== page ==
The U.S. Postal Service Board of Governors (BOG) approved on March 19 the majority of the recommendations issued by the Postal Regulatory Commission (PRC) regarding the pending rate case. But the board did leave open the possibility of price revisions for Standard Mail flats, the category affecting most catalogers, before the May 14 implementation date.
In its decision, the board stated that “the Governors are concerned that price increases recommended by the PRC may impose an unnecessary degree of ‘rate shock’ on the catalog industry, particularly small businesses. The recommended increase for some catalog mailers is as much as 40%, which is more than double what the Postal Service had proposed.”
Although the BOG has asked the PRC to reconsider its rate recommendations for Standard Mail flats, May 14 remains the current implementation date for all classes of mail except periodicals. That’s eight days later than the originally expected date of May 6. The BOG delayed implementation for periodicals until July 15.
Don Landis, vice president of postal affairs for Menomonee Falls, WI-based printer Arandell Corp., tells MULTICHANNEL MERCHANT that many of the PRC’s recommendations for periodicals “came right out of left field,” prompting a variety of time-consuming software upgrades. “That’s why the periodicals get the extra two months,” he says, adding that “even May 14 for Standard mailers is pushing it.”
That the implementation date for the Standard Mail increases remains May 14, the same date as implementation of the noncontested First Class rates, suggests that the chances of the PRC altering its recommendation are slim. “It’s hard to believe that they’d just up and change it all,” says Landis. “There is hoping and wishing, but… I don’t see anything drastic happening.”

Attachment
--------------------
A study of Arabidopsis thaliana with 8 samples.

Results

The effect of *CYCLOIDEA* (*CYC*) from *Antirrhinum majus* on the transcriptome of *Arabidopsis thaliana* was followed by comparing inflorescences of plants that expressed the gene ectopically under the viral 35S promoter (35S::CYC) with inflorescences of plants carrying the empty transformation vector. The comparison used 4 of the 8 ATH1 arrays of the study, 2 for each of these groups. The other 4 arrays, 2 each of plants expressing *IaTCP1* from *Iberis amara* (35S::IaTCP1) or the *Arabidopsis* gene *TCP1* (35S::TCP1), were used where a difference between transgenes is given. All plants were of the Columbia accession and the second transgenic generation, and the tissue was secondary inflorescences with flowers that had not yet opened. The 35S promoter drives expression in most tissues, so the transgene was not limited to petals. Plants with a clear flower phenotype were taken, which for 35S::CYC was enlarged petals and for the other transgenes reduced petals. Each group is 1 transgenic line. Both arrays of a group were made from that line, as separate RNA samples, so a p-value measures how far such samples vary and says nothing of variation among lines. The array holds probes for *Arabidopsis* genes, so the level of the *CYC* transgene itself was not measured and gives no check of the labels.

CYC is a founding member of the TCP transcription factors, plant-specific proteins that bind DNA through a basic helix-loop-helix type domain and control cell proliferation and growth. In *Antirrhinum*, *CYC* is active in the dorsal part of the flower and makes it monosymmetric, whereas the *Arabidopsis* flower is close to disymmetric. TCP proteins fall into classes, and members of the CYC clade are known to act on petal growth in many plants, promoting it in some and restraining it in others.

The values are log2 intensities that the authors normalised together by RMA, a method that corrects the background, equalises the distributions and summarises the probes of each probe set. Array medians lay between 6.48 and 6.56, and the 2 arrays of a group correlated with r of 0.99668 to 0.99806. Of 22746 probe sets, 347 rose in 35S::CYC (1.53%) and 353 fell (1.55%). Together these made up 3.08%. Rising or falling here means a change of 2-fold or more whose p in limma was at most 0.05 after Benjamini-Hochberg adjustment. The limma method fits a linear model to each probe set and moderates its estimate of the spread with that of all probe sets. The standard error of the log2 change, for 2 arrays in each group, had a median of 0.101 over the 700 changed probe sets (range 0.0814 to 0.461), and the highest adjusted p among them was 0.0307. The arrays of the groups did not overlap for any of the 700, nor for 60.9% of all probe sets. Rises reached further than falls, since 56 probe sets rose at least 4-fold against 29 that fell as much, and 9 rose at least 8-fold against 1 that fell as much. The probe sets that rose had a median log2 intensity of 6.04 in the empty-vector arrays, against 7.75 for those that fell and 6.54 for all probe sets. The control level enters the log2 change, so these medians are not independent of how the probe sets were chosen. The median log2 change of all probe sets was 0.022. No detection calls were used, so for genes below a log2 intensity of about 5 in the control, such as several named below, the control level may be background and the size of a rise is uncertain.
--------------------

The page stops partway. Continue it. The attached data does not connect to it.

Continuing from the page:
Although dispirited, Jerry Cerasale, senior vice president for government affairs for the DMA, says, “It’s not over.” There’s still a small hope that the PRC will overturn their decision and mitigate this impact, he says, or that the BOG will at least delay implementation for technical reasons, as it did for the periodical rates.
Bob McLean, executive director for the Arlington, VA-based Mailers Council, says his group has pushed for a standard 120-day implementation period after the rate case decision is published in the Federal Register. The current lead time of less than two months “is not enough time for us,” he says.
As far as the winners and losers in this rate case, McLean says, “If you’re in the catalog business, this is very serious. If you’re in the periodical business, you’re pretty happy. I think what will happen is a lot of catalogers will look at alternative media and cutting mail volume. Historically this tends to show right after a rate case. But the increase is so substantial for catalogers that many people will rethink their business models.”
MULTICHANNEL MERCHANT produced two Webinars that look at the effects of the pending postal changes on mailers. You can access those Webinars for free, on demand, at multichannelmerchant.com/events/webinars/rate_update/ and multichannelmerchant.com/events/webinars/rate_case_2006/.